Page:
Updated: Apr 12
When I started my first business in 2010 in my small hometown, I had NO idea what I was doing. Over the next ten years, I grew that business a single provider (me) massage therapy practice to a spa and retail store with eight employees and a long list of vendors and makers. While I ultimately closed 5 Store + Spa at the start of the COVID 19 pandemic, I learned so much about how to successfully start, scale, and market a business in a rural area.
I gathered most of that wisdom through trial and error, and a whole lot of mistakes, but luckily you can just read the guide below.
Commit to regular hours.
Consistency is key. Being open one weekend a month and following through is better than advertising open hours Tuesday-Friday, 9-5 but closing randomly due to outside circumstances. Start with limited hours if needed and grow your availability as time, staffing, and demand allows.
Events bring people together, allow you to meet and mingle with your target customers, and create a sense of belonging within your business space. Think beyond Grand Openings and Holiday Open Houses.
The Willow Tree Garden Center in Emmetsburg hosts porch pot make and take events, giving their customers a unique experience using items that the store already has on hand. Rendered Unique in Decorah regularly hosts shopping events that feature guest makers, live music, and locally curated drinks. Heart and Home in Laurens, Iowa is known for “how to” classes, including bow tying, floral arrangements, and charcuterie. Don't limit yourself, Impact Coffee in Decorah hosts drag shows, and Free Spirit Nest in Emmetsburg regularly welcomes evidential medium Kim Weaver for group readings.
Don’t wait for someone else to promote your business or community.
It may fall under someone else’s job description, but the bottom line is that no one cares about your small business and its success more than you do. Your business is much more likely to grow and succeed long term if your rural community also grows and succeeds. Be the champion your community needs.
Have an online presence.
In the post COVID era, this is non-negotiable. No worries if you don’t have the time or budget to create your own website and online sales system. Outlets such as Etsy and Spoonflower are great options for handmade goods. Shop Iowa offers a selling platform for Iowa stores and makers. Even Amazon, once considered the big bad wolf in the rural story, offers a selling platform for small businesses. My friend, Dan Bellrichard, uses Amazon to distribute family farm owned Sogo Snacks from Decorah, Iowa all around the world.
If you are in the service industry, online scheduling makes filling open appointments easy for you and convenient for your customers. And the same goes for online ordering in food service.
Tell your story.
Research shows that consumers who feel more connected to a brand spend more per purchase and are more likely to become repeat customers. One of the most effective ways to create this connection is through storytelling. Customers want to know more about you than what you are selling.
It doesn’t have to be complicated. Tell your audience who you are, what you do (and how it benefits them), and most importantly WHY you do it. And if you want to learn more about marketing your business through storytelling, join the waitlist for my upcoming course: Marketing Basics for Small Business Owners.
I started my first retail line for one simple reason: I was sick of seeing Lake Okoboji t-shirts in Emmetsburg. We have our own lake! I worked with my neighbor Judy, owner of Company Goods to create a line of Five Island Lake tees and hoodies and they were an instant hit. As the retail space grew, I reached out to other local makers and artists and began carrying their work. This allowed me to expand our retail selection with a huge investment in inventory, and more importantly provided one of a kind shopping options that our customers felt a connection to.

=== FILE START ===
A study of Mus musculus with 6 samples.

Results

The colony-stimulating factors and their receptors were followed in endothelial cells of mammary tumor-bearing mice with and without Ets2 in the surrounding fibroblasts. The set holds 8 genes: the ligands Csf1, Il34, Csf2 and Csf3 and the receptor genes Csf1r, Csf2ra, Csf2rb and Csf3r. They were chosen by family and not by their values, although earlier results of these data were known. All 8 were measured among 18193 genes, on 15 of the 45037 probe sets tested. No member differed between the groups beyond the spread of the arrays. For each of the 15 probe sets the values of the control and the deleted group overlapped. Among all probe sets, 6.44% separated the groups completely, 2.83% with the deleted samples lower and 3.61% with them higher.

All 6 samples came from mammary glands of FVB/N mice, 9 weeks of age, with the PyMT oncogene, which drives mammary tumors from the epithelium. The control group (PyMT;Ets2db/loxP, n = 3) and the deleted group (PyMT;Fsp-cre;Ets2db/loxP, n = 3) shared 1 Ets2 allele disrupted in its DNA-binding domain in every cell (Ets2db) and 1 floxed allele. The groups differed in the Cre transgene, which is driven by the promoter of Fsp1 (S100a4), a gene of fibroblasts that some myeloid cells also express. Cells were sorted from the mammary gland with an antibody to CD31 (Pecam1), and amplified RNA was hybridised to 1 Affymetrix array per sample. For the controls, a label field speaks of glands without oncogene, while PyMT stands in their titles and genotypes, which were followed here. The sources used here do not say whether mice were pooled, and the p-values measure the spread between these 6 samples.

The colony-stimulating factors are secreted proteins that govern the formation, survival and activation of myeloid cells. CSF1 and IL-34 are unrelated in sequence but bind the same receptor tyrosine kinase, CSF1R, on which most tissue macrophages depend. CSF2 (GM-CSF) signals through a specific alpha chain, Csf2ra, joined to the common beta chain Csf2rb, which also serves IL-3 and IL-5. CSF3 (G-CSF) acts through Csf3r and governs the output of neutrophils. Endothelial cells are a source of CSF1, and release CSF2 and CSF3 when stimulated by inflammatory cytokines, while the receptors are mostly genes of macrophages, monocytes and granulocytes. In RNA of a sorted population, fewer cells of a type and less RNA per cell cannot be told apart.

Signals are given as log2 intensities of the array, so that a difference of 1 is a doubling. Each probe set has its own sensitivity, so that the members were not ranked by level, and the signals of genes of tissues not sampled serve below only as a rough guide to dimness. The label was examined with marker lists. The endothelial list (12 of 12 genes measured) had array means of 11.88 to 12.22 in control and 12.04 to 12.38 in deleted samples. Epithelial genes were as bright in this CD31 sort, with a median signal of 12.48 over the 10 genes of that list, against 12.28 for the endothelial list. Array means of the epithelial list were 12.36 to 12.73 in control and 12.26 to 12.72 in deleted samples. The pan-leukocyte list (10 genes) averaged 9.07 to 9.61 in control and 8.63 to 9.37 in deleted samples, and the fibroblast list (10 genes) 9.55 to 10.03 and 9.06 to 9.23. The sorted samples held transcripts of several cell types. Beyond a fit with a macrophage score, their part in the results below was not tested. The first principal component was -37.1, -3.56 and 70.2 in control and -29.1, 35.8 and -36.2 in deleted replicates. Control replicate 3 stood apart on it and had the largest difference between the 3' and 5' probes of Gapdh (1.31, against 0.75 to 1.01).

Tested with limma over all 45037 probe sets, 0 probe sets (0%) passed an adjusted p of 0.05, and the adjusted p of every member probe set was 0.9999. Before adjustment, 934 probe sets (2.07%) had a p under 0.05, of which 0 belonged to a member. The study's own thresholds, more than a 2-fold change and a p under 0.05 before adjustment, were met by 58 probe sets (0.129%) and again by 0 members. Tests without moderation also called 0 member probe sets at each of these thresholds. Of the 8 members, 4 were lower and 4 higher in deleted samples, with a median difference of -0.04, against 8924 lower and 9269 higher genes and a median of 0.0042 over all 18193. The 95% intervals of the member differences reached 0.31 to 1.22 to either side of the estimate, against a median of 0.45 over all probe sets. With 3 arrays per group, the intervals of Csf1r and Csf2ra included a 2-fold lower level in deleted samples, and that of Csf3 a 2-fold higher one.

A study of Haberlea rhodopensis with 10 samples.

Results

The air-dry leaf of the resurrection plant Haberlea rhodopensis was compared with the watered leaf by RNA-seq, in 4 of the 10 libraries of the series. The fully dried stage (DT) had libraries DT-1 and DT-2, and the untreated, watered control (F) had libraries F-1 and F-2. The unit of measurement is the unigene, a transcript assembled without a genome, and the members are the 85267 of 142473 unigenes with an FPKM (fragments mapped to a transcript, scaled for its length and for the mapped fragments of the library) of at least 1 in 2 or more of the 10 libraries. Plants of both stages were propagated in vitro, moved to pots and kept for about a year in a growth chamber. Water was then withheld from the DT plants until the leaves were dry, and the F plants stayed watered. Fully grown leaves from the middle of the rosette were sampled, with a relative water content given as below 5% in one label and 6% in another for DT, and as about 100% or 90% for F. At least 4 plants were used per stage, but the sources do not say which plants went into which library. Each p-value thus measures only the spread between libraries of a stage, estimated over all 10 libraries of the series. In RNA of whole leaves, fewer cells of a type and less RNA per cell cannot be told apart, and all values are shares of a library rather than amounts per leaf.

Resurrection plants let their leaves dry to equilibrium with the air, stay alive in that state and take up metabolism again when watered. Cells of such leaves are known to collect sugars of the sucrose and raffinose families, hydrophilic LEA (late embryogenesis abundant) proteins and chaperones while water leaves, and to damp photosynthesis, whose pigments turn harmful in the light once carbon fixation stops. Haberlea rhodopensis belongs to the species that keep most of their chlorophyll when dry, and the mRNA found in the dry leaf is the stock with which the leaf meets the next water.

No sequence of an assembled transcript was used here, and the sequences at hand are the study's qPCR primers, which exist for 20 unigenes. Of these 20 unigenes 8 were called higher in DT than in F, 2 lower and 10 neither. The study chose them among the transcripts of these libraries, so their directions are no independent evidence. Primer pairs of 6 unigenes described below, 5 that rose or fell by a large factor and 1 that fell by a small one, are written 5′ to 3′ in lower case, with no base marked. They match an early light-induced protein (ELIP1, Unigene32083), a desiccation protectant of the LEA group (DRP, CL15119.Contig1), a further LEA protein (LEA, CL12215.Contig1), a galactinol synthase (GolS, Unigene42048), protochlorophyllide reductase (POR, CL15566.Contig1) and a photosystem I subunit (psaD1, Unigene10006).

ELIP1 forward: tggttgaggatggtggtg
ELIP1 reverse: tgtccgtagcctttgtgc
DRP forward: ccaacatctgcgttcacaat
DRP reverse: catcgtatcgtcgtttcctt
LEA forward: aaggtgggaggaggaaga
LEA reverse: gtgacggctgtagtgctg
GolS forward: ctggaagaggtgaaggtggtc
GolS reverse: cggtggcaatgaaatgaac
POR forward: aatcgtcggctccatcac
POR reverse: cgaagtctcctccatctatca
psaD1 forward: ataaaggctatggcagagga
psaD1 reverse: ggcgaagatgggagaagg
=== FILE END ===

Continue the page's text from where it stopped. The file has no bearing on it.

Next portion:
Local. in Denver Iowa, takes this a step further, acting as a small business incubator for Denver based brands and makers. And thankfully Blossoming Creations in Emmetsburg creates fully customizable goods related to all things local, including my favorite lake.
Collaborate with other businesses.
Some businesses are just better together. Floral shops and candy stores. Coffee shops and bakeries. Breweries and pizzerias. Collaborating with complimentary businesses is a win for everyone. This can be a one time event, a Valentine’s Day promotion for example, or an ongoing partnership throughout the year. It can even work with “competing” businesses. The Iowa Antique Network maps out regional road trips leading customers to stores along the route. The overall mission of supporting local small businesses outweighs any competition between stores with similar offerings.
Competition makes us better. I’ve been lucky over the years to have great relationships with other massage therapists in our community. When my friend Mandy Long opened her massage therapy practice (Relaxation and Rejuvenation), my first thought was congratulatory. And my second thought was, “I better get to work!” Mandy’s space was brand new and she was a talented massage therapist. Her opening inspired me to update our space to feel clean and fresh, and increase marketing to stay relevant.
My wise friend Kyle once said, “It’s not the community’s job to support us just because we are here. It is our job to create a product or service that makes them want to buy from us.” If you’re not selling, be honest with yourself, is your offering the best that it can be? Review the list above, take inventory of your strengths and challenges, ask your customers for feedback and make necessary changes.
My name is Kelly and I'm a speaker, coach, and serial entrepreneur with a passion for small business. My goal is to help you create the resources, support, and mindset to bring your small business dreams to life!